Andreas SOLARO, AFP | A woman looks at an empty fountain in St Peter's Square, in Vatican city, after the Vatican authorities decision to turn off some of the 100 fountains due to a drought affecting Rome, on July 25, 2017.


Italian media is reporting that staggered water supply shutdowns could last as long as eight hours daily in alternating neighborhoods and start as soon as Wednesday.

La Stampa newspaper reported on Sunday that inadequate water infrastructure, often decades-old, ranged from 26 percent in the north to 46 percent in the central and southern parts of the country.

Nicola Zingaretti, the governor of Lazio region -- which includes the Italian capital -- ordered that no more water be drawn from Lake Bracciano, which supplies some of the Italian capital. She stated that this was due to the drastically decreasing water levels posing a threat to the lake’s aquatic life. The lake used to be used only for backup water supply, but recent years have seen it being tapped on a regular basis.

Water turns political

Rome’s water company Acea warned that with the lake now cut off, drastic rationing loomed.

Since the city of Rome is a major shareholder in Acea, populist 5-Star Movement Mayor Virginia Raggi is feeling the heat. Michele Meta, a Democratic party lawmaker from Rome, demanded to know why Acea "doesn't have other solutions besides rationing and staggering the capital's water" supply?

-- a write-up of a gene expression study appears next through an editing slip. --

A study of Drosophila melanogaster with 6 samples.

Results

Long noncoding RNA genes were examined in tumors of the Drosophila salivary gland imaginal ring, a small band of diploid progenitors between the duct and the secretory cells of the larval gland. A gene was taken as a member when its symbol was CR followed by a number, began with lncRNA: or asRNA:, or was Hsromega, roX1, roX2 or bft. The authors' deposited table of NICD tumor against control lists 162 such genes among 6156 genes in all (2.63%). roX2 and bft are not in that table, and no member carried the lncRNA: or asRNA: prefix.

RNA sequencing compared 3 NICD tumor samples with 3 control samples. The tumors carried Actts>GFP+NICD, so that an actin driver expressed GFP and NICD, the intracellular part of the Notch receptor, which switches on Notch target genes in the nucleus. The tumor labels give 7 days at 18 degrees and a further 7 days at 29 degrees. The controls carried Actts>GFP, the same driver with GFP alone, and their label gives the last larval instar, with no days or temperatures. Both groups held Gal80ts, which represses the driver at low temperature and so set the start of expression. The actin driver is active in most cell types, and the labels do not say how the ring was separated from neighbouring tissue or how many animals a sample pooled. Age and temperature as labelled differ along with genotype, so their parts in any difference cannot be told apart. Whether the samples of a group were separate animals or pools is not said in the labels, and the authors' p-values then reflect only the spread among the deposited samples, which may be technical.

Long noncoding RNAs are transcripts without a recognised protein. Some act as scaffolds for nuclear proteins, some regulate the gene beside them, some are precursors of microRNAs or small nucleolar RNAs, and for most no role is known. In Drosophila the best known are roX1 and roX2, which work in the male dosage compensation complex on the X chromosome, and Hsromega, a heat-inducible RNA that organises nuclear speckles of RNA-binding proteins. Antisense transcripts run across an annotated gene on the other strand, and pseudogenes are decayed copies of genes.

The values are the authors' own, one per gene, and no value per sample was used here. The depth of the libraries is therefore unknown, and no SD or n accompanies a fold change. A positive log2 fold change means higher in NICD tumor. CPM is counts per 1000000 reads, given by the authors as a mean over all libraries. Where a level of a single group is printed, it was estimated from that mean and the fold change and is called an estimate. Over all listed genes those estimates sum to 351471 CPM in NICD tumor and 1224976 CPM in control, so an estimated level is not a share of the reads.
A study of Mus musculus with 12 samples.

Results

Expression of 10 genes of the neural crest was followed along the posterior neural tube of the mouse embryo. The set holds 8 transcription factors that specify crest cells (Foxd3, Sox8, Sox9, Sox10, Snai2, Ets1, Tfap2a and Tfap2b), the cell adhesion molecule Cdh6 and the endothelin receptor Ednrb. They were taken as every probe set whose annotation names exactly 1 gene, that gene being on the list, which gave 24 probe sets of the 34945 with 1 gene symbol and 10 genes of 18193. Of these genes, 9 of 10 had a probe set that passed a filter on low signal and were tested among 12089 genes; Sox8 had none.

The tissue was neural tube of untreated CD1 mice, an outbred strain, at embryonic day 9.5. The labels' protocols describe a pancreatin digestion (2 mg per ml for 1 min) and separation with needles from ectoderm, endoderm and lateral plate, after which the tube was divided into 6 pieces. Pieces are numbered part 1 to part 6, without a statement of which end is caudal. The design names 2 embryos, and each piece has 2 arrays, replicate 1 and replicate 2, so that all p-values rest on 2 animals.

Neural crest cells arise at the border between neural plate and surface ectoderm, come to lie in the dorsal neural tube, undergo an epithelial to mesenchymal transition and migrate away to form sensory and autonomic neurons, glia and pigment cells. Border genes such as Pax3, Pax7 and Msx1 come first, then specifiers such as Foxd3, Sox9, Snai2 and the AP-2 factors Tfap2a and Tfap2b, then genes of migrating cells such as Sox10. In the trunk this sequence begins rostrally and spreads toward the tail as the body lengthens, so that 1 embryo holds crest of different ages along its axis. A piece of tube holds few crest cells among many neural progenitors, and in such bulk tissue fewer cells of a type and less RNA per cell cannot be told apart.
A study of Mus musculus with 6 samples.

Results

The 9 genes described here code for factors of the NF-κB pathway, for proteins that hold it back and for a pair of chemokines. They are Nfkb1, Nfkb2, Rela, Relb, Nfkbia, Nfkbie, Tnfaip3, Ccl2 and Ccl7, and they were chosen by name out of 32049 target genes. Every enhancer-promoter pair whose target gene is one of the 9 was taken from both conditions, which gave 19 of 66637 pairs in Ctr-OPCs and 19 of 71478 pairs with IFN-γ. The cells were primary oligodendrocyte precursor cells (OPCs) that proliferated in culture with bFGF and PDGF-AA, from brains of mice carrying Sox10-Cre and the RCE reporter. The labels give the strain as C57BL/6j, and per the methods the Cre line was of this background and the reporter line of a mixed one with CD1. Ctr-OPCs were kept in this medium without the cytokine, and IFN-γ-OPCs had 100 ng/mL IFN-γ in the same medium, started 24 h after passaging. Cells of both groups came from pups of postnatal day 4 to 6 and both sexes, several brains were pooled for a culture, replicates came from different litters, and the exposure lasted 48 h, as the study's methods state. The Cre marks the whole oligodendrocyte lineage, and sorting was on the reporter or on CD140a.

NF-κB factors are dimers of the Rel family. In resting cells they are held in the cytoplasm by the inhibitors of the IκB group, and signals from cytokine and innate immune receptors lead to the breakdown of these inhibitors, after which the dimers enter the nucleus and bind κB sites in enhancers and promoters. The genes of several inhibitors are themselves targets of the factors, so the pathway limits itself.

Causing further concern for the city’s key tourism industry, Rome's world famous fountains – such as the iconic Trevi Fountain -- also risk running dry. Vatican City has already said that it is shutting off its fountains   including those in the world famous Saint Peter’s Square   as a result of the drought that has left rainfall totals 80% below normal.

Disaster for farmers

Despite the severe infrastructure issues, Mother Nature is partly to blame. Rome has had only 26 rainy days in this year's first six months of this year, compared to 88 in the first half of 2016.

Farmers' lobby Coldiretti last week estimated 2 billion euros ($2.3 billion) worth of damage so far to Italian agriculture due to the crisis. Among those suffering are farmers growing canning tomatoes in the southeastern region of Puglia, wine grapes throughout much of Italy and those cultivating olives -- all signature crops for the nation.